Supreme Court Decides On DACA And LGBTQ Workers, Black Lives Matter Abroad : It's Been a Minute with Sam Sanders What does it all mean when so much change happens at the same time? This week, the Supreme Court protected the rights of two marginalized groups — DACA recipients and LGBTQ workers — and protests against police brutality continued around the world. Sam chats about the Supreme Court with Slate's Mark Joseph Stern, then checks in with Tobore Oweh, a DACA recipient who is hopeful yet realistic about her status. After that, Sam calls across the pond to UK writer Candice Carty-Williams about the Black Lives Matter protests near her.


Supreme Court Protects Rights For DACA And LGBTQ Workers

Supreme Court Protects Rights For DACA And LGBTQ Workers

  • Download
  • <iframe src="https://www.npr.org/player/embed/880256724/881000401" width="100%" height="290" frameborder="0" scrolling="no" title="NPR embedded audio player">
  • Transcript

Deferred Action for Childhood Arrivals (DACA) recipients celebrate in front of the Supreme Court after the Supreme Court rejected President Donald Trump's effort to end legal protections for young immigrants, Thursday, June 18, 2020, in Washington. Manuel Balce Ceneta/AP hide caption


Deferred Action for Childhood Arrivals (DACA) recipients celebrate in front of the Supreme Court after the Supreme Court rejected President Donald Trump's effort to end legal protections for young immigrants, Thursday, June 18, 2020, in Washington.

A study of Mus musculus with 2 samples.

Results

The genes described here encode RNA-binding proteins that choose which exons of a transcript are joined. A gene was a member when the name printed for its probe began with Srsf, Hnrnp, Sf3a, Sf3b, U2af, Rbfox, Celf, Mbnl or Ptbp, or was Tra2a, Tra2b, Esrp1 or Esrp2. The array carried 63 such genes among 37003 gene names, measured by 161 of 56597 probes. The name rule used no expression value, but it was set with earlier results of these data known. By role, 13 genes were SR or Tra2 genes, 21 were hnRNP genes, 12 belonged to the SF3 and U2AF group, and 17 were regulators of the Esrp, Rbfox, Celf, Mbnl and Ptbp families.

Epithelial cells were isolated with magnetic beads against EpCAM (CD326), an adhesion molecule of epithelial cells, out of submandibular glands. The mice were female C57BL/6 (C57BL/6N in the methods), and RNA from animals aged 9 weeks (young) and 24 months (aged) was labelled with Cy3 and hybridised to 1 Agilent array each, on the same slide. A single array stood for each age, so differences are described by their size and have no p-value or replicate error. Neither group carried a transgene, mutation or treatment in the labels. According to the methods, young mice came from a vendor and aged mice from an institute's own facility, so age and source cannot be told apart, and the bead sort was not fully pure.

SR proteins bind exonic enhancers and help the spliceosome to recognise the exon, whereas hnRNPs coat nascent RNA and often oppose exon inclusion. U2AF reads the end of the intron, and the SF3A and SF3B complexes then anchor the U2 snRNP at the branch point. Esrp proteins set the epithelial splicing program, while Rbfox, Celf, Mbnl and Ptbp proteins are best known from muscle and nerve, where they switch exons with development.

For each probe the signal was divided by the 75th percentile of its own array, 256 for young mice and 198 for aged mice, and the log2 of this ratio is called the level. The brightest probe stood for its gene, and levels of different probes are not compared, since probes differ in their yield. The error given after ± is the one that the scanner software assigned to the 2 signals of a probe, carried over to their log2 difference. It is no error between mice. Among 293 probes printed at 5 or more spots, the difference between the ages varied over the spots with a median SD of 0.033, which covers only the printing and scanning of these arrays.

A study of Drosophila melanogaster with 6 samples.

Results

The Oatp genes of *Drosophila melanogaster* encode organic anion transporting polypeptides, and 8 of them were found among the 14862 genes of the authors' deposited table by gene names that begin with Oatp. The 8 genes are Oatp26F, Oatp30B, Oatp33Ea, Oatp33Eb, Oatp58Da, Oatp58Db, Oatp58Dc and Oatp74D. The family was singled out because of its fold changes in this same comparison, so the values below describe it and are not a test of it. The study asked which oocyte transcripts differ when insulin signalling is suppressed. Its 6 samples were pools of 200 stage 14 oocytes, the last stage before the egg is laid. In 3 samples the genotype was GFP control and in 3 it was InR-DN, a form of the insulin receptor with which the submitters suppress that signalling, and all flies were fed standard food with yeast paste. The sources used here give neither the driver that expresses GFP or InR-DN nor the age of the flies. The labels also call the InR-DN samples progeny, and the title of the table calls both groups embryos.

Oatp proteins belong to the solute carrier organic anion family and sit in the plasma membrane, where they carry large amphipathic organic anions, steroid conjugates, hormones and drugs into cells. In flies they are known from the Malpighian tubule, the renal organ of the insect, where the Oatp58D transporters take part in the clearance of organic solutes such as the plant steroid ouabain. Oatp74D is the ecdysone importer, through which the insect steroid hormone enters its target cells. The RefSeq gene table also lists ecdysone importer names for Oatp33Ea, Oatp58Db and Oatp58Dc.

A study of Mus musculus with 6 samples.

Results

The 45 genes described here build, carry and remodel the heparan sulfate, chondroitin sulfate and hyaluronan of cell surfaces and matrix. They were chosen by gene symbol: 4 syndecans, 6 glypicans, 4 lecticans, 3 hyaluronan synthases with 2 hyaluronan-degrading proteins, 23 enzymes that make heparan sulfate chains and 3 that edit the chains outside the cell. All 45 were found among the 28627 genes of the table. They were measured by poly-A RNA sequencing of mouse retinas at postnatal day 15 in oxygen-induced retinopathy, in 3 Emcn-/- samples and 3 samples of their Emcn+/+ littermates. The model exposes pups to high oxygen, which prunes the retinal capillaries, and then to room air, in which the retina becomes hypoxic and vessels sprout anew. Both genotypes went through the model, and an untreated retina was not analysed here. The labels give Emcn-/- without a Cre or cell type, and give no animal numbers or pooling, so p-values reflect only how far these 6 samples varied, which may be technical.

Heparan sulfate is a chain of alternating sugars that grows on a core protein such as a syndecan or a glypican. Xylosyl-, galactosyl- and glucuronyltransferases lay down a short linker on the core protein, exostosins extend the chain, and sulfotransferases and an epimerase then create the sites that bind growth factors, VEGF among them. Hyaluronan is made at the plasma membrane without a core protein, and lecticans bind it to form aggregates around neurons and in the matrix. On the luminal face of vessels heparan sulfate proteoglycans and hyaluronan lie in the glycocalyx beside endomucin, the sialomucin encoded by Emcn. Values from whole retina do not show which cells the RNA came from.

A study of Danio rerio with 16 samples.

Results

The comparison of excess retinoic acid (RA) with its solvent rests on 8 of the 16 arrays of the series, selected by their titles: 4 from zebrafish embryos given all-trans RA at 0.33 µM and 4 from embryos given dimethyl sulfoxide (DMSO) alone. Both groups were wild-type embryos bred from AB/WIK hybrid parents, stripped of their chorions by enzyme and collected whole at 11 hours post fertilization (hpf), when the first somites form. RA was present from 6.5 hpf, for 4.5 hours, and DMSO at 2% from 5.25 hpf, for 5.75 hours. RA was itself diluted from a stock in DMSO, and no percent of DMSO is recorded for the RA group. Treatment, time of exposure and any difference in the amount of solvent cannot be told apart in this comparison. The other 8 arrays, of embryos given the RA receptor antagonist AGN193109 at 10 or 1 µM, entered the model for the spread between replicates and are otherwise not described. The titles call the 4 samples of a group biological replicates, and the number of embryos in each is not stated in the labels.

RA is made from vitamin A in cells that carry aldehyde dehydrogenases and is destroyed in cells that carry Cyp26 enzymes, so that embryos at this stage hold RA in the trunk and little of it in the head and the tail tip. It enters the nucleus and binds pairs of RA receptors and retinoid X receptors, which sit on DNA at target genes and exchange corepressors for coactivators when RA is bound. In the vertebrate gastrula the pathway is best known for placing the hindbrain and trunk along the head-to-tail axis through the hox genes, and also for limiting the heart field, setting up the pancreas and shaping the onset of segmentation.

Manuel Balce Ceneta/AP

What does it all mean when so much change happens at the same time? This week, the Supreme Court protected the rights of two marginalized groups — DACA recipients and LGBTQ workers — and protests against police brutality continued across the globe. Sam chats about the Supreme Court with Slate's Mark Joseph Stern, then checks in with Tobore Oweh, a DACA recipient who is hopeful yet realistic about her status. After that, Sam calls across the pond to UK writer Candice Carty-Williams about the Black Lives Matter protests near her.

'It's Been a Minute' is produced by Jinae West, Anjuli Sastry and Andrea Gutierrez. Our editor is Jordana Hochman. Our director of programming is Steve Nelson. You can follow us on Twitter @NPRItsBeenAMin and email us at samsanders@npr.org.